How to cope with fertility treatment

How to cope emotionally with fertility treatment

The Harley Street Fertility Clinic's Counsellor Dani Singer has put together a guide to support and advise on how to cope emotionally with fertility treatment.1527

Finding out your only way to conceive a baby will be fertility treatment is enough to cause strain in even the strongest relationships. And yet, some couples emerge from the challenge of fertility treatment even stronger than before.

Talk to each other

It may be a cliché, but good communication is the key to a strong relationship. No one will know better than your partner what you are going through, so keeping them in the loop of how you're feeling is crucial, it's also highly likely that they're feeling the same way too. So, don't distance yourselves from one another but talk to each other in a way that is non-critical and non-judgemental. Communication is vital throughout the whole process - don't stop sharing your thoughts and concerns if things are not going the way you had hoped.

Work together

It's normal at times to feel slightly stressed, sad or even overwhelmed during the fertility process. Don't chastise yourselves or one another for feeling this way. Facing and accepting your emotions can help you move beyond them. One or both partners may blame the other for their infertility issues and this in turn can cause problems. Try working together as a team instead of being on opposite sides - help each other through this time. By taking care of each other emotionally, you can work through most problems.

Educate yourselves

There is power in knowledge. Many patients can feel a sense of powerlessness during treatment, educating yourselves on aspects of the process can help you feel and regain control. Read-up beforehand and ask questions to your medical team. Make sure that you both know as much as each-other and do not leave one partner in the dark. Both of you need to know what is happening medically in order to make informed decisions. Consult with your doctor or former patients to educate yourselves on the process you are going through. The more you both know and understand, the less stress you are both likely to feel.

Set limits

Every couple is different. Some decide together on an endpoint to treatment seeking to have a baby, whereas others spend time and money exploring their options. You'll feel better and more in control if you set your limits in advance regarding what measures you are prepared to take. It is easy to know how you will feel if treatment is successful and you become pregnant. However, you must also understand that if you are unsuccessful in achieving a pregnancy, you cannot get away from the sadness, loss, and disappointment that you will feel. Think about the number of cycles you are willing or able to do, and how much time and money you are willing and able to invest. Sit down with each other and develop a financial plan to allay any monetary concerns.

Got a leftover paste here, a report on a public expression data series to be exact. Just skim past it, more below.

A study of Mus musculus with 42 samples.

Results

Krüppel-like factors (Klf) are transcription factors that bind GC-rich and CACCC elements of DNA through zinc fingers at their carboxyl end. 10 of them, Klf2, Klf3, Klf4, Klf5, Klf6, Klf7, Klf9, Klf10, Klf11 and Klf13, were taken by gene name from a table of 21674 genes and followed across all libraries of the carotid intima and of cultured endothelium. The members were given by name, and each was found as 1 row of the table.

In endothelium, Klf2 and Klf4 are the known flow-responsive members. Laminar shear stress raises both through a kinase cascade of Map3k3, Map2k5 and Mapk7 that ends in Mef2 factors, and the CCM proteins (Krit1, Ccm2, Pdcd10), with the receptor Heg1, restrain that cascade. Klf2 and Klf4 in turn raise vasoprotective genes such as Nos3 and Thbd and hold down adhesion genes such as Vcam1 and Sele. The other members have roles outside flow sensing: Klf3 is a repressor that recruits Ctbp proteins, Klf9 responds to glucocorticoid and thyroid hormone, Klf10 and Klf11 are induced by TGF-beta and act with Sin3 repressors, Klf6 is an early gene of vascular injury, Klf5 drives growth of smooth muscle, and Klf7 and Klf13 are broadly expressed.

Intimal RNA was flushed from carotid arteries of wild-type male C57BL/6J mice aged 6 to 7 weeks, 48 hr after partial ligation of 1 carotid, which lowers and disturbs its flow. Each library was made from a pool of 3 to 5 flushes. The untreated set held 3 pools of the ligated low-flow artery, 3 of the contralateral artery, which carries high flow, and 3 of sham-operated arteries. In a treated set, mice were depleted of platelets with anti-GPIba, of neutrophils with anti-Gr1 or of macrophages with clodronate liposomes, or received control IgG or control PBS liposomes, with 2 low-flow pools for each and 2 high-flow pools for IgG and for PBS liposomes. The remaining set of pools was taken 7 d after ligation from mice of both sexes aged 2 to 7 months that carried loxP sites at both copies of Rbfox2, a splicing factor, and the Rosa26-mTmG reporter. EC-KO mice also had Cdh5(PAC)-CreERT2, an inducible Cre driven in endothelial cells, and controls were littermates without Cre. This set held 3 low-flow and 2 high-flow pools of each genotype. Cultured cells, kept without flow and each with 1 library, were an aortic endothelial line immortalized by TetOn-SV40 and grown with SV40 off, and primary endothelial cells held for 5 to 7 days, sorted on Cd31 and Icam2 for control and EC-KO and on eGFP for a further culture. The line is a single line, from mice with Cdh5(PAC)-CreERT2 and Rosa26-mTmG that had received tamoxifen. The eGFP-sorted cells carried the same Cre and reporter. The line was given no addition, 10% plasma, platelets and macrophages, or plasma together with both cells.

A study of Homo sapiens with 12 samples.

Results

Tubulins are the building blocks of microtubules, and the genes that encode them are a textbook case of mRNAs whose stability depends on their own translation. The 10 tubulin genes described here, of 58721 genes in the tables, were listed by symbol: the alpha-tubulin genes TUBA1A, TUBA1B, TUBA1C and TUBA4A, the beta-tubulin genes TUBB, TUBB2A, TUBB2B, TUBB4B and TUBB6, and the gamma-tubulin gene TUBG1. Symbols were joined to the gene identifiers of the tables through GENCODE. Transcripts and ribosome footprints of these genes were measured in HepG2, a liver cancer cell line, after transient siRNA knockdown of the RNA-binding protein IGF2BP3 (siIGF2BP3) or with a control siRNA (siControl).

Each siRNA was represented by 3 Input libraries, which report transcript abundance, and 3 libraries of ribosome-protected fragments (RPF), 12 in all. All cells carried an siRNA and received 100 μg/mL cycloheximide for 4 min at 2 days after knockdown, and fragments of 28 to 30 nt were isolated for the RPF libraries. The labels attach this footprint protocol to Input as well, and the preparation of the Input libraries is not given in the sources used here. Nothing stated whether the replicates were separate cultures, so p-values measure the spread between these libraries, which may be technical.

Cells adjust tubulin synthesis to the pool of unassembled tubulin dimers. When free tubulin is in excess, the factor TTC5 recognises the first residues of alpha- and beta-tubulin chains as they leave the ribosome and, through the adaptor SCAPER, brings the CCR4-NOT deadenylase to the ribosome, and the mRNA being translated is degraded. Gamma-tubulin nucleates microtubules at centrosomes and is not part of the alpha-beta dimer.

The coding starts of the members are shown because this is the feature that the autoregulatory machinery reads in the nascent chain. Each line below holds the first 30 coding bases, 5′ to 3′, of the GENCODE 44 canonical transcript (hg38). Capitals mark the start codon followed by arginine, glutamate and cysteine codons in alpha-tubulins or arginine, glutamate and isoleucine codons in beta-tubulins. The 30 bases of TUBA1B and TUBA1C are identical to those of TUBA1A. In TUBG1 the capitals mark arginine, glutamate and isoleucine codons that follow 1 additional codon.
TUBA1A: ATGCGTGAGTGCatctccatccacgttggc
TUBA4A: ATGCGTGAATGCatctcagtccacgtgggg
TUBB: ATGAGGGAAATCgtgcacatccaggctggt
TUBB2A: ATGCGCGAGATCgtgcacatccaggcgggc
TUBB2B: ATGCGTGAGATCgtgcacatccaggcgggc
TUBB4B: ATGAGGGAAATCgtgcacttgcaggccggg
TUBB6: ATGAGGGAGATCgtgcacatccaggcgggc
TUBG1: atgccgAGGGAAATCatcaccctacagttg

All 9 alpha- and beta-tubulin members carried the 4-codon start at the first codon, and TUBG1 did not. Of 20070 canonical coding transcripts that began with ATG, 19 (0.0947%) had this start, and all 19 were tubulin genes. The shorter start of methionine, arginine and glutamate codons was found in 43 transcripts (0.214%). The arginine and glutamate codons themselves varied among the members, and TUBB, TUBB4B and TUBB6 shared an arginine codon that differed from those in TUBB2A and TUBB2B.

Don't let it be all consuming

Being treated for fertility can sometimes feel like a full time job, so it's important to make sure you're still taking time out to do the other activities that you love and perhaps even brought you together in the first place. So, don't neglect hobbies that bring you and your partner pleasure. This will also help to take your mind off the treatment. Spending time with your partner will remind yourselves on why you're together. As time goes by, couples can start to lose hope, and this feeling can be all-consuming. Try planning a 'date night' once a week and make an effort to talk about different things.

Agree who you'd like to tell

Telling friends and family may act as support for some people, whereas others may feel it puts them under more pressure. Make sure that both you and your partner are happy with who knows what and when. Decide in advance who you will tell about your procedures and identify key friends and family who will provide you with the support you need whether before, during or after treatment.

Discuss your options

It best to avoid as much stress as possible in other areas of your life. Important decisions, such as a house move or a new job, may need to be put on hold or settled first to avoid additional stress. You both need to be aware, and most of all, happy with this at the start of your journey.

Prepare for decision making

It's important to anticipate decisions that are likely to arise during your treatment and it may be easier for you and your partner if these are made ahead of time. Consider the implications and have a plan if fertility treatment doesn't work out.

Whilst heartbreak and sadness may be unavoidable, it will be easier knowing that you and your partner feel the same way although you may express these differently.